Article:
Not Quite Guilty

Not Quite Guilty as Charged

JimCoffinBy James Coffin

Recently a city commissioner who’s up for re-election in the Central Florida town of Apopka raised a stir by posting an unrestrained statement on Facebook: “HORRIFYING ALERT!!! IF YOU ARE A CHRISTIAN, AS I AM, WAKE UP!!!”

Judging by her word choice, her wholesale use of capitalization and the ubiquity of her exclamation marks, the candidate seems to have found it . . . well . . . “horrifying” . . . that anyone who isn’t a Christian might presume to run for public office.

In a sort of modern-day equivalent of Paul Revere’s ride, the incumbent commissioner absolutely had to let the citizenry know they were in danger of being taken over by someone who was godless.

“Much to my surprise last night,” the horrified commissioner wrote on Facebook, “I found out that my opponent is not a Christian. She does not have faith in God and feels there is no heaven.”

(It came out later that the “non-Christian” actually is a Christian–just one who’s wrestling with too many questions and has too little certainty to justifiably wear the name Christian, at least in the opinion the candidate who posted on Facebook.)

The U.S. Constitution says there shall be no religious test for public office–which means that the government can’t prevent anyone from running just because they have an “unacceptable” religious viewpoint. No one can be excluded. Not Catholics. Not Protestants. Not Jews. Not Hindus. Not Muslims. Not Buddhists. Not even atheists.

Certainly, voters can base their decisions about whom to vote for on any set of factors they so choose. But the pluralistic spirit of the Constitution runs counter to the intensity of concern contained in the warning posted by the incumbent commissioner.

When the Orlando Sentinel printed an article about the incumbent’s shrill warning, one reader, pouncing on what she claimed was the incumbent commissioner’s inability to use apostrophes correctly in her Facebook warning, wrote: “As a former English teacher, I expected students to know how to properly use an apostrophe. As a voter, I am obligated to understand that being a Christian is not a requirement for holding public office.

“Arguably, things would be much better if our elected officials actually lived and governed by the values of Jesus Christ, and I look for candidates who reflect his example in their lives and voting record. However, it isn’t always the candidate who proclaims his or her Christianity the loudest who accomplishes this goal, and it can even be someone who is Jewish, Muslim or (gasp) a nonbeliever.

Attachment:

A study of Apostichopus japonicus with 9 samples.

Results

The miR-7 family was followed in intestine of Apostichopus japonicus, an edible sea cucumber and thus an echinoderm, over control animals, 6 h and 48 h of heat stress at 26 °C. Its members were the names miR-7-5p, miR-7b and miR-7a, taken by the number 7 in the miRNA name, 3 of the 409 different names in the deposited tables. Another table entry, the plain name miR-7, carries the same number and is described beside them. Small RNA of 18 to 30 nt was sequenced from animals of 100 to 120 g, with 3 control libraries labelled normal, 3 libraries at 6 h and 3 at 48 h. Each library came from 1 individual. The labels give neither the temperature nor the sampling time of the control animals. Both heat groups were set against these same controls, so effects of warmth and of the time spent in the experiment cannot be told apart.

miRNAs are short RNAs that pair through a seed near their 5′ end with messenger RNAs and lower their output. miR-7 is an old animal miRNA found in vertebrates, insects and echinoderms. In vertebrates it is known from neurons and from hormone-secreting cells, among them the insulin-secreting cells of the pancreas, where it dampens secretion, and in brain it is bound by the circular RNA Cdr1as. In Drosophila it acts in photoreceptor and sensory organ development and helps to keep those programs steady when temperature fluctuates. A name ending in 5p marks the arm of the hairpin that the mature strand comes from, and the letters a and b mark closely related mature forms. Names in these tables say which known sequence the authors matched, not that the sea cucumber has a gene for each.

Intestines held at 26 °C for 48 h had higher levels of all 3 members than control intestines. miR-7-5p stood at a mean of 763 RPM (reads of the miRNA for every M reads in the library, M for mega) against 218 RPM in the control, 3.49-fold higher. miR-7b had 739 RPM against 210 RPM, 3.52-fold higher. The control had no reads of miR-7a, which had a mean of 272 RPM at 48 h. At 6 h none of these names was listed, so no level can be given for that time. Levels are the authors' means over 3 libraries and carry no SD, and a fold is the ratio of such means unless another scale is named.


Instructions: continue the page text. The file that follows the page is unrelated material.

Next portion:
“Sadly, by her hysterical tone and focus on her belief that her opponent views her as “easy pickin’s [sic]” as a “dumb” Christian . . . [she] missed an opportunity to seriously and soberly present information about important city issues. . . .”

I appreciated the letter writer’s recognition that many of the social/moral values promulgated by Christianity may at times be lived out as well or even better by those who don’t wear the name “Christian.” And she was right in trying to help the incumbent commissioner understand what any elected official should already know: There is no religious test for public office.

But if my English teachers taught me correctly, “easy pickin’s”–which seemingly is an intentional attempt at colloquially saying “easy pickings”–deserves neither ridicule nor the label “sic.” The rules of punctation, as I read them, say that when a single letter is omitted–as is often done when trying to convey a colloquial tone–the missing letter is indicated by an apostrophe.

Ironically, the incumbent commissioner may have had a whole arsenal of legitimate reasons why her opponent doesn’t deserve the job. But what she chose as her prime, up-front reason wasn’t legitimate. And the letter writer was actually correct that the commissioner had a problem with the proper use of that little mark called “apostrophe.” But the alleged “misuse” that she chose to highlight in her letter to the editor was, in fact, a correct usage.

Traditionally, stories have a moral. I guess the moral of this one is that it’s highly advantageous to know your facts before you make strident public pronouncements. And that cautionary note applies both to political candidates and former English teachers. Not to mention, to all the rest of us.

James Coffin is executive director of the Interfaith Council of Central Florida.